Make it red, white and safe: Fourth of July safety tips
Does your family have a favorite Independence Day tradition? Whether you like to attend a public firework show or hold a backyard BBQ, celebrate safely this year with these Fourth of July safety tips.

The Fourth of July holiday provides ample opportunities to celebrate and spend time with friends and family, but it also provides some significant health hazards.

That’s why it’s important to tackle the holiday with safety in mind. These tips from the West Jefferson Medical Center team are a good place to begin.

Make the boom the scariest part of fireworks

The Fourth of July is synonymous with fireworks, with many cities hosting a fireworks display. Attending a public show is the best and safest way to enjoy fireworks.

Fireworks are prohibited in many parts of Jefferson Parish, including unincorporated areas. If they’re allowed where you are and you plan to light fireworks, be sure to do so safely. These are the fireworks safety basics:

  • Don’t allow young children to handle fireworks.
  • Keep pets away from where fireworks are being set off.
  • Never throw or point a firework toward a person, pet or anything flammable.
  • Light only one firework at a time.
  • Stay a safe distance away from fireworks after they’re lit.
  • Keep buckets of water nearby in case objects catch fire.

Looking for a way to light up your kids’ world without involving fireworks? Simple glow sticks can be a fun and safe way to add a little celebratory flair!

Keep things safe on the water

Swimming and boating are also common activities on the Fourth of July. If your day will involve water in any way, make sure you’re in the know about water safety basics:

  • Never swim alone.
  • Provide close and constant supervision for any children near water.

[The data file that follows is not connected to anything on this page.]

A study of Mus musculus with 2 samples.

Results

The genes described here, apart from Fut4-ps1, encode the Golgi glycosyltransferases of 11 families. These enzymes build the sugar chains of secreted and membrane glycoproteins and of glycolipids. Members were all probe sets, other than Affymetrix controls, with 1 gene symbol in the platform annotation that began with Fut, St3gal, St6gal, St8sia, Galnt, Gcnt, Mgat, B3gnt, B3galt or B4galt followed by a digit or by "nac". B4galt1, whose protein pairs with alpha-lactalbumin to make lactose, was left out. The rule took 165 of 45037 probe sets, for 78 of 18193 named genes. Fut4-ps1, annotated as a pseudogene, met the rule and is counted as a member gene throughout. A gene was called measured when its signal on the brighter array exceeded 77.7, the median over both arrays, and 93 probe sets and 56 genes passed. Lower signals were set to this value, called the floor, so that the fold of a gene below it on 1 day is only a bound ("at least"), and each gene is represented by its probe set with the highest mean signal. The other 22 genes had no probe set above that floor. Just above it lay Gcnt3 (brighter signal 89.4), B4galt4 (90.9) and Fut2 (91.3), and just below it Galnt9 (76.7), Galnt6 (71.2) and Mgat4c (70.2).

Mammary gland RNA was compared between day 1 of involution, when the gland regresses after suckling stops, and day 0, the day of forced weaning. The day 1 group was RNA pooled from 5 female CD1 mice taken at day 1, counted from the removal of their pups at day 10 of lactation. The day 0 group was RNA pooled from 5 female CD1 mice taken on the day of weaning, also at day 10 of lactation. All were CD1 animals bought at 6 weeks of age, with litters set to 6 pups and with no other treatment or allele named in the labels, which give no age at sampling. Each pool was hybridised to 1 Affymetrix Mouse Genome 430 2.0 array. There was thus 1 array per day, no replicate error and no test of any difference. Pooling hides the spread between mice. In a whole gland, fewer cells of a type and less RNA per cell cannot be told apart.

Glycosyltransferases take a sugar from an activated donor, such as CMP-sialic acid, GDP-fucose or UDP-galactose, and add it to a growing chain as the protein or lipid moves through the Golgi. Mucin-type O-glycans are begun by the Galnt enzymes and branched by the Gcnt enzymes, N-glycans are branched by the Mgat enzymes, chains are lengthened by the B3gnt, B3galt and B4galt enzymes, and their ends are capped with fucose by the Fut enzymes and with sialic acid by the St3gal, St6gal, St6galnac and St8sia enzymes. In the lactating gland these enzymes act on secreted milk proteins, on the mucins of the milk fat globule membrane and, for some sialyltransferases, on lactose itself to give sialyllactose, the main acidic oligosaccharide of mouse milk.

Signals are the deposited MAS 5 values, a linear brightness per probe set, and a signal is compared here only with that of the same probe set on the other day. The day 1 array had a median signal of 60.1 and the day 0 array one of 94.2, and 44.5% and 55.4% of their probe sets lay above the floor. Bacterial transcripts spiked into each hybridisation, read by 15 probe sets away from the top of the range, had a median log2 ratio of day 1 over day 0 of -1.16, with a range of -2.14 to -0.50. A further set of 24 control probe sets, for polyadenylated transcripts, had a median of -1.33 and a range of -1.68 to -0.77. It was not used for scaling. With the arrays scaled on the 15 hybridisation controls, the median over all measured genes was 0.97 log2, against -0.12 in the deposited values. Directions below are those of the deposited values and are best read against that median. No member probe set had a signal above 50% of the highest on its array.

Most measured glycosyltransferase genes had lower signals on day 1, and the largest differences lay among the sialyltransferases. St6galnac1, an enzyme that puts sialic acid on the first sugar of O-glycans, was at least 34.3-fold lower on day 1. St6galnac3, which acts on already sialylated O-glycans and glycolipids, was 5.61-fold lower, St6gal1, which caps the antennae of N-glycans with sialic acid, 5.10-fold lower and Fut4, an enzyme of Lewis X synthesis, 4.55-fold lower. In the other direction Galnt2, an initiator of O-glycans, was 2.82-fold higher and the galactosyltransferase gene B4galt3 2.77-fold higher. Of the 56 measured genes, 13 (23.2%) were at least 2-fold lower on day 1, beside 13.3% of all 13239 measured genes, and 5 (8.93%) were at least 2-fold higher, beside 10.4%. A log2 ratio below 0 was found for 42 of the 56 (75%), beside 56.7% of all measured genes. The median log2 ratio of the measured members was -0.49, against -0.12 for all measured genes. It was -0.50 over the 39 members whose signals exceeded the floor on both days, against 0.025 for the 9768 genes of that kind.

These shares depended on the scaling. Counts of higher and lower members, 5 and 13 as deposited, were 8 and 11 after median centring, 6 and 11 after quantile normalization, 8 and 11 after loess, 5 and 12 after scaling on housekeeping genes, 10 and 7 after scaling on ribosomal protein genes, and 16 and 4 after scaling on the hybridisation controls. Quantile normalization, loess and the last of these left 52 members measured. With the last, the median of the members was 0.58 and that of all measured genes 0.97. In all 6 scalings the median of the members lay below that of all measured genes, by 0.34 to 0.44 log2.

• Safeguard backyard pools by surrounding them with a gated fence that’s secure enough so kids and pets stay out.
  • Have kids and adults who aren’t strong swimmers wear U.S. Coast Guard-approved life jackets.
  • Swim near a lifeguard whenever possible.
  • If thunder roars, head indoors—and stay there for at least 30 minutes after the last lightning flash.
  • When boating, carefully follow the rules and regulations for the body of water you’re on.

Practice food safety basics

Planning up a Fourth of July barbecue or a picnic? Include food safety in your plans.

Any time you’re eating outdoors in the heat of summer, you need to take special precautions to ensure your food stays safe. The last thing you want is a bout of food poisoning to ruin your holiday celebration!

Start with these basics:

  • If you’re planning to barbecue, be sure to do so outdoors. Using a grill indoors can expose you to dangerous fumes and increase the risk of a fire.
  • Wash your hands before preparing the food or eating it.
  • Keep raw meat separate from other food and use different utensils when handling it before it’s cooked and after it’s cooked.
  • Be sure that meat is cooked to a safe temperature before serving. (That’s 160 F for hamburgers and 165 F for hotdogs in case you were wondering!)
  • Once the food is prepared, eat it and then store it away. Don’t leave food out in the sun.
  • Perishable foods should be kept in a cooler filled with ice or in the refrigerator once the meal is done.

Enjoy your Fourth of July with plenty of fun, family and food—and stay safe!

Even the best of precautions isn’t enough to prevent every injury. If you have a bad burn or a wound that just won’t heal, turn to the Wound Care Center at West Jefferson Medical Center.